Thanks for the link.
Thanks for the link.
Insightfully said, Anonymous Coward.
You are correct of course, Anonymous Coward. Thinking of Ruby as a Smalltalk dialect is obviously more metaphorical than literal. And actually, Matz himself has remarked that he accepts the comparison of Ruby to Smalltalk as a compliment.
Thanks for replying, phantomfive. Obviously I did not express my question clearly enough.
Lisp is not statically typed, and it's therefore a very different sort of language than Scala. There are interesting dialects like Racket, which allows you to "turn on" some type checking, and like Qi, which I didn't previously think of as an OO language. At least, you have given me something to think about.
phantomfive, You have responded with a bit of vitriol that surprises me.
Can you please cite other examples of mainstream statically typed languages that are both OO and Functional? I ask this not to insist that no others exist, but rather to further engage you, and try to understand where you are coming from.
In other words, don't bother with Scala just yet since we haven't made up our minds about the syntax and will probably start all over.
Actually, no. It's not about modifying the syntax. It's about bringing some very exciting ideas from research into Dependent Object Types into a mainstream language.
No, I am quite certain that language designers respect Scala. Consider Peter Van Roy, for example, who is a leading expert on programming languages, and the co-author of a very influential book on programming paradigms. He highly recommends Scala.
Yes, compiler performance is an honest complaint from in-the-trenches Scala programmers, but that's a far cry from the "Scala is a joke" headline you use. If it were really a joke, then how could it continue to be used in the large scale applications of which you speak?
It depends on what we mean by "popular". If popular means that more lines of Scala are being written than Java, then, no, Scala is not popular.
But if we mean that the Scala programmers are in demand, then yes, Scala is popular.
I am certainly an advocate of lifelong developer training and code reviews. But consider this. If a language permits these sorts of == vs equals errors, then perhaps that's a defect in the language design itself.
Groovy is not really very simple. But more importantly, it's not a simpler Java at all. Since Groovy is dynamic and Java is static, they are completely different languages that bear a superficial syntactic similarity.
Scala has type erasure, too, and IIRC it was designed by one of the guys who are responsible for the design of type erasure in Java.
You are correct. I believe that the Pizza language, which became Java generics in the Tiger release, was designed by Martin Odersky. Type erasure in Tiger was deemed necessary for backwards compatibility with Java 1.4 code.
And consequently, Scala has type erasure for interoperability with Java. IIRC, James Gosling wanted many features like generics in Java, but couldn't get them into the language without slipping Java's release date. It's sad that a modern language like Scala still suffers from this twenty year old decision.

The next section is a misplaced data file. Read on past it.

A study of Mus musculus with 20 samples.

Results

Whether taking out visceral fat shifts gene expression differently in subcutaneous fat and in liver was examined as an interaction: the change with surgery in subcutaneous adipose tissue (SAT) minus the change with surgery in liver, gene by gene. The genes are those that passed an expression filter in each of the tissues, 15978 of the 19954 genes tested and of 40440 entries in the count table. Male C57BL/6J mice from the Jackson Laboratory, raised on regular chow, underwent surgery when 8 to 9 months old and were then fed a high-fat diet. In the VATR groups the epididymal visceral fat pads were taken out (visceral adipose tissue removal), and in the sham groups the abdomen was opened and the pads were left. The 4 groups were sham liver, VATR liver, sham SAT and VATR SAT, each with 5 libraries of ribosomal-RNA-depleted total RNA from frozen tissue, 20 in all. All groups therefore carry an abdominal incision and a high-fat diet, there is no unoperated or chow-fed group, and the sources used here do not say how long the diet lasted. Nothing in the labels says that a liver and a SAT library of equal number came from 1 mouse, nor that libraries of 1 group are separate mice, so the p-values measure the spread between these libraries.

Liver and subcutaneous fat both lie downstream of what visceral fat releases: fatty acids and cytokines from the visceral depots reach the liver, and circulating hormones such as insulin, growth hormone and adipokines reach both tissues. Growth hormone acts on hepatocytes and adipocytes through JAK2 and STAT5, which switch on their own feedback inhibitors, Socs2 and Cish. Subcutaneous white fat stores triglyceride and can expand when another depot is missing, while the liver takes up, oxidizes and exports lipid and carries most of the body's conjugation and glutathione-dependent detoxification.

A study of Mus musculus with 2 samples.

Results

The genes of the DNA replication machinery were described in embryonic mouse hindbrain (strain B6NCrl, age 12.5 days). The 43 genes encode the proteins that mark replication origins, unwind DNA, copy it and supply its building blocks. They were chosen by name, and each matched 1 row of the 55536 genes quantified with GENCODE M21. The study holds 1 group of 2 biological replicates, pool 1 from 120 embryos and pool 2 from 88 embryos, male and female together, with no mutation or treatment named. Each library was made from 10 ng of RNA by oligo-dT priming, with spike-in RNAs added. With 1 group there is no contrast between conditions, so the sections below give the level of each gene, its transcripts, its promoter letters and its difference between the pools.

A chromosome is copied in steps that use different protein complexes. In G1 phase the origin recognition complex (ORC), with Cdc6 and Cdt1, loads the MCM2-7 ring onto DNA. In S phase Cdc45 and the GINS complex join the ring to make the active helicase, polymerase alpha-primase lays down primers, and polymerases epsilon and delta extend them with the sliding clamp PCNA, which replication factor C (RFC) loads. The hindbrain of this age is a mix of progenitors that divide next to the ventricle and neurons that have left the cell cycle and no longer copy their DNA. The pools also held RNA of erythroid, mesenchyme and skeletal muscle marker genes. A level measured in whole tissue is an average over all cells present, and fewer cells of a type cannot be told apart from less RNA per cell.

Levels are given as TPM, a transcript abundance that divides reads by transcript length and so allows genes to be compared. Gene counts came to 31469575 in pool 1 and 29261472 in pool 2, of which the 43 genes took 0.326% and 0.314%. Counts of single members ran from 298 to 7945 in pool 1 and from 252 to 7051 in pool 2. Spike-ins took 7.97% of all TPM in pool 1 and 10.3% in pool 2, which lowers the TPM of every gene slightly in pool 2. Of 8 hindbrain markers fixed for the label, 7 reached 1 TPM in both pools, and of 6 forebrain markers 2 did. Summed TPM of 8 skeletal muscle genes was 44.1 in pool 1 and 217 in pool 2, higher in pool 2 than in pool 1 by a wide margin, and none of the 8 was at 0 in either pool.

However, Scala also has Manifests, which address some of the weaknesses imposed by type erasure. It's good to shake the dust from our sandals.
Well said. Of course, Professor Odersky *is* a language expert/theorist, and Scala already makes a real difference. Its successors may well continue to do so.
What's so fascinating about Scala is that the blending of OO and Functional ideas into a Modular language is (1) possible, and (2) innovative. There's an orthogonality of Scala language features (something Stroustrup strove for in C++) that allows for some real surprises. For example, Implicits make Type Classes possible very elegantly. Scoped type classes turn out to be an emergent language feature, which didn't have to be baked into the compiler.
Perhaps, but why should there even be an == operator for objects? This is not a flippant question, but a deep language design question. It may be the case that Java's decision to expose == introduced too much opportunity to get things wrong. It's possible to imagine a more robust language without such an operator. Just as it is possible to imagine one without null, which would surely be better.
Java has changed many times, with careful thoughts to backwards compatibility at the source level. But it's a verbose beast, living in the uncanny valley between dynamic languages and languages with type inference. So, Java essentially has many of the hassles of static typing with few of the benefits.
There hasn't been as much Scala written as Java, and it may never catch up. But I'm sure that the Scalaists care about backwards compatibility, too. There's already too much Scala written for there not to be a "flap." But somehow I think even breaking changes in Scala will be tolerated if they make the language more pleasant. The research being done right now on dependent types is just too exciting.
Yes, dynamic languages like Clojure are nice, but so are static ones. I actually consider Scala a dialect of ML, much in the way that Ruby is a dialect of Smalltalk.
Computers are not intelligent. They only think they are.